Introducing: Natasa Kokic
Postmodernism did not bring the freedom of expression based on eclectic views, but the ascent of conceptual, as the most esteemed quality in art. As art elevated from the realm of craft, into the plane of ideas, artists assumed roles of intellectual ringmasters, directing their visions, de facto created by others. The detachment from physical creation broadened the gap between the artist and the audience, making art perceptible only to the intellectual minority, while another movement has been on the rise almost secretly.
Return to the Essence
One of those who believe in direct artistic channeling of the complex thought is Nataša Kokić, a brilliant contemporary artist who divides her time between Belgrade and Oslo. Founding her expression along clear aesthetic guidelines, she alludes to the empty, overwhelming Nordic landscape, while the scenes she depicts are never referential, but entirely imaginary. They are the non-places, the simulations of the what-if-world, the places where her intellectual and emotive self are projected, where she feels safe to explore. Largely introspective, her earlier series of her landscapes delve into more socially conscious thematics, examining the inherent experiential traits, and consumeristic ideologies.
Born and raised in Belgrade, Serbia, Nataša Kokić studied at the Faculty of Fine Arts, where she also obtained a Magister of Arts degree. Currently working on her PhD thesis, she continues working prolifically, having exhibited in several major venues this year alone, both in the country and abroad. She won critical acclaim for her work, and she is the recipient of several important awards, most recently the esteemed Award for drawing, Foundation of Vladimir Velickovic, Chaos gallery, Belgrade, and the influential Young Visual Artist Award, Dimitrije Basicevic Mangelos, Center for Contemporary Art (Belgrade) and Foundation for Civil Society from New York, which includes a residential stay in NY. She is one of the best representatives of Serbian contemporary drawing, while her preferred techniques include pencil and, more recently, charcoal.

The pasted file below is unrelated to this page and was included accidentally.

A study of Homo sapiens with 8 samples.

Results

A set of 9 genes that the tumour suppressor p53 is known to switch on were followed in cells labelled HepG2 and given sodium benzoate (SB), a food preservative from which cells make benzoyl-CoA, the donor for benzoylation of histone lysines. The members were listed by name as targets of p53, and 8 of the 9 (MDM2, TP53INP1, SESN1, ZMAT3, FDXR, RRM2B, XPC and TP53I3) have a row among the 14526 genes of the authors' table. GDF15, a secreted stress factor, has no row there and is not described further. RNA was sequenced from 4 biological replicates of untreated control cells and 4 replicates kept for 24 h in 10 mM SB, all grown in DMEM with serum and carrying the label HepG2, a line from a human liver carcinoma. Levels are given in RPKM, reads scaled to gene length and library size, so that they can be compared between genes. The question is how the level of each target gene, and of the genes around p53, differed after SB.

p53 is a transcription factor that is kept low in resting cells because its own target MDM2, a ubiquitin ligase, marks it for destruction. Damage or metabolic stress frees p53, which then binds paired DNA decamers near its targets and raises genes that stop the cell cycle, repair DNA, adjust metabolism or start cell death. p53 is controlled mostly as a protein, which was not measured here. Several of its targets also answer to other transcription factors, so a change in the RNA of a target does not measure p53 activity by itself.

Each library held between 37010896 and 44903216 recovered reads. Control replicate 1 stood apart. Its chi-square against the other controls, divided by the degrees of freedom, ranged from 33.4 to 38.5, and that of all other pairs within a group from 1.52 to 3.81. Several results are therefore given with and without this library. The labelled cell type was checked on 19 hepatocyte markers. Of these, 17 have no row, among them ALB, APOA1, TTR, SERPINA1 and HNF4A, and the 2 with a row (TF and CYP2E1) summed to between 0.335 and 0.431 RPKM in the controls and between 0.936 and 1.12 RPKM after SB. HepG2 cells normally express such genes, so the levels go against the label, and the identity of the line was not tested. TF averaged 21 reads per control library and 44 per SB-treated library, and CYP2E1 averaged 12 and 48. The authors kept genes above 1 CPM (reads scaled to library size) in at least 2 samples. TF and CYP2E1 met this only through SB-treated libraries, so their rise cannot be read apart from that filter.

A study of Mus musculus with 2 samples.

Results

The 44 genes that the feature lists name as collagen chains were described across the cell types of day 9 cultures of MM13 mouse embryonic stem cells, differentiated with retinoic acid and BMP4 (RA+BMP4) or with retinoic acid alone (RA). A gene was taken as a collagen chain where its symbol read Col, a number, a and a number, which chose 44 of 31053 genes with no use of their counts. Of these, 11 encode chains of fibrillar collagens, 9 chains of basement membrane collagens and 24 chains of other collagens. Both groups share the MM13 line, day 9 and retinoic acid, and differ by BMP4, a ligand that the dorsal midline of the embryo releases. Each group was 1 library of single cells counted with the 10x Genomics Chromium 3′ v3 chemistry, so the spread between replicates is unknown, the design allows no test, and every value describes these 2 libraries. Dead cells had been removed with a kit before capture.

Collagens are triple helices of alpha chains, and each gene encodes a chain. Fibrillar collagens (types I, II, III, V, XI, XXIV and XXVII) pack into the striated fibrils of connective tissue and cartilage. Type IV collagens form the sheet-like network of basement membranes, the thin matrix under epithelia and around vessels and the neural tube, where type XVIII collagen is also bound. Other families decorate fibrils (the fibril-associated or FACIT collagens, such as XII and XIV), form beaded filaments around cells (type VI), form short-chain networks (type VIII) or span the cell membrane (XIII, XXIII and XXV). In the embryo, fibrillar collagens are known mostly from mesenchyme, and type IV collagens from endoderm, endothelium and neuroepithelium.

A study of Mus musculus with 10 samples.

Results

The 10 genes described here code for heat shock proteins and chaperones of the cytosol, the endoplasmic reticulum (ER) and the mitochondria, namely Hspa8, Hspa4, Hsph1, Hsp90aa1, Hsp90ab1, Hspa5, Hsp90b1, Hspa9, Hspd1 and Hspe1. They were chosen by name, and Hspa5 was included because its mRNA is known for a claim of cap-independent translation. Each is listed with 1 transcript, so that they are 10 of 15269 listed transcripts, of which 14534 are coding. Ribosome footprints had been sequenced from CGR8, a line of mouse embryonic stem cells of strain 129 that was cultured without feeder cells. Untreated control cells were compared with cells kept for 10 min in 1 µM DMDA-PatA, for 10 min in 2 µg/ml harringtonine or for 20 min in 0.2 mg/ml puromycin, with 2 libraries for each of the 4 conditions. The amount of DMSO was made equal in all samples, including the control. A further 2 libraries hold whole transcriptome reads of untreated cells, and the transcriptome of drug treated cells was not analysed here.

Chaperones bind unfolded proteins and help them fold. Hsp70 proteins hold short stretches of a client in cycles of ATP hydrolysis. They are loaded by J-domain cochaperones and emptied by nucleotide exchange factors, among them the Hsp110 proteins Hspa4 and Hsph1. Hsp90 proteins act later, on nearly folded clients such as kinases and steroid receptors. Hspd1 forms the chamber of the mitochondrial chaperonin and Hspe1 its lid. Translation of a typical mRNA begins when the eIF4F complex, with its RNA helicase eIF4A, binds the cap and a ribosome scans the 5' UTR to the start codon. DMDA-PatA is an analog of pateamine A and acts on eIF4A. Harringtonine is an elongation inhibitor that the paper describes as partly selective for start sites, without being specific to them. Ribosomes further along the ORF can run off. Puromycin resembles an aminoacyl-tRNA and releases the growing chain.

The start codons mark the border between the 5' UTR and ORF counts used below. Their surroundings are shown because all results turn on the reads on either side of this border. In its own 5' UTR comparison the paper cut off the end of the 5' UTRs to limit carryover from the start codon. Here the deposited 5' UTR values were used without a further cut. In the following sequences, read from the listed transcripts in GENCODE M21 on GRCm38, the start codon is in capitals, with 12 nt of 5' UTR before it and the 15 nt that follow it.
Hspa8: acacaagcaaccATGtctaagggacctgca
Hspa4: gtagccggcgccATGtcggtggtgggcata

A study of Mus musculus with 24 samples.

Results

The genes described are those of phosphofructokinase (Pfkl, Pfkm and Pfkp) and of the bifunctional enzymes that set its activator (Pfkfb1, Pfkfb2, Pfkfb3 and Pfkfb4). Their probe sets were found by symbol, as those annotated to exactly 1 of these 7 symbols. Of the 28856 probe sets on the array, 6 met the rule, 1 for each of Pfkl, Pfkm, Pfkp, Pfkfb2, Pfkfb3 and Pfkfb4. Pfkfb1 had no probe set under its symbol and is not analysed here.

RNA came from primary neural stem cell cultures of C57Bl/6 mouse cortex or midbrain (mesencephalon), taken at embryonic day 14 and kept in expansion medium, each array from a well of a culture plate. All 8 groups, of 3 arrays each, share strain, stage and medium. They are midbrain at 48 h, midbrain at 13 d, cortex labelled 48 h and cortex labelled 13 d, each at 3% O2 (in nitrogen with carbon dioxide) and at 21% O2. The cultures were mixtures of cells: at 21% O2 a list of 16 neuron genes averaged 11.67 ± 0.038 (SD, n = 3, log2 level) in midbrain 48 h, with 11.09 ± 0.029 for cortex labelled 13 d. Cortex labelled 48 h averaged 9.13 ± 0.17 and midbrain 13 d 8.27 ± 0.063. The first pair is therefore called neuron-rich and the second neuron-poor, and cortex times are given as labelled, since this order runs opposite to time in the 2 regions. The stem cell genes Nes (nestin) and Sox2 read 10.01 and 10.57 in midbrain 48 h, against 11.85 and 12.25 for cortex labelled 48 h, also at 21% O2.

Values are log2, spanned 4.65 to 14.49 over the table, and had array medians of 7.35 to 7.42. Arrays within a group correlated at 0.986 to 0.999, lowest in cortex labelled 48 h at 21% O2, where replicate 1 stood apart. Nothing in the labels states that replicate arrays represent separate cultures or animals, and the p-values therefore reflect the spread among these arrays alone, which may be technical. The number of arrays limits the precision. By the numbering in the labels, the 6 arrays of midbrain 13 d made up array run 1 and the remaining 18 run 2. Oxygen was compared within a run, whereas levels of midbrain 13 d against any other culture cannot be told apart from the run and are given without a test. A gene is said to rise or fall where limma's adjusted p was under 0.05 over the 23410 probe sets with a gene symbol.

Escapism and Parallel Realities
Ethereal landscapes by Nataša stem from her imagination, as she was picturing the world beyond the actual view of her balcony. She imagined planes, meadows, mountains, forests, all except the big factory that actually stood behind those houses she gazed above. As the balcony was looking towards the west, it gained a deeper meaning for her, especially as she was growing up in the most troubled Serbian 90’s, when everybody was looking in the same direction, wishing to escape. Contemplating her desires and the socially difficult situation she was in, Nataša’s devised an artistic concept investigating relationships of individuals with their environment, depicting symbols of their desires. Her large scale pencil landscapes are utopias of thought, impervious realms of what ought to be if the world was just.
The Rocks of Self
While Nataša’s landscapes, executed with pencil, were characterized by a particular short, dainty stroke and a fine, tenderly executed surface, her most recent works make a significant step aside. They are drawn with charcoal, allowing for a much stronger contrast and drama, and altering the quality of the stroke. It is no longer as delicate, but stronger and daring, while pictorially, her drawings attained a more graphic character. The conceptual depth of the series, evocatively entitled, I’m so full of rocks, I can hardly move is taken from the vestibule of consciousness, where the artist found herself in front of the rocky panorama, a subjective vision she called inner landscape. This suite thus reveals itself as the complicated, sectioned manifestation of self, realized as she was catching glimpses of archetypal symbols through the depths of her creative pondering. Visually defined through set of inspirational topics taken from science, astronomy and physics fused with personal history of the author, the vast, fragmented, melancholic vistas evoke the most hidden of anxieties, as they expand over the unpredictable surface, suggestively surpassing the limits of the frame. Asteroids, mountains, ziggurat and the oddly graphic, but conceptually coherent representation of Colossus, the World War II super-computer, make the narrative about depth, structure and nature of psyche.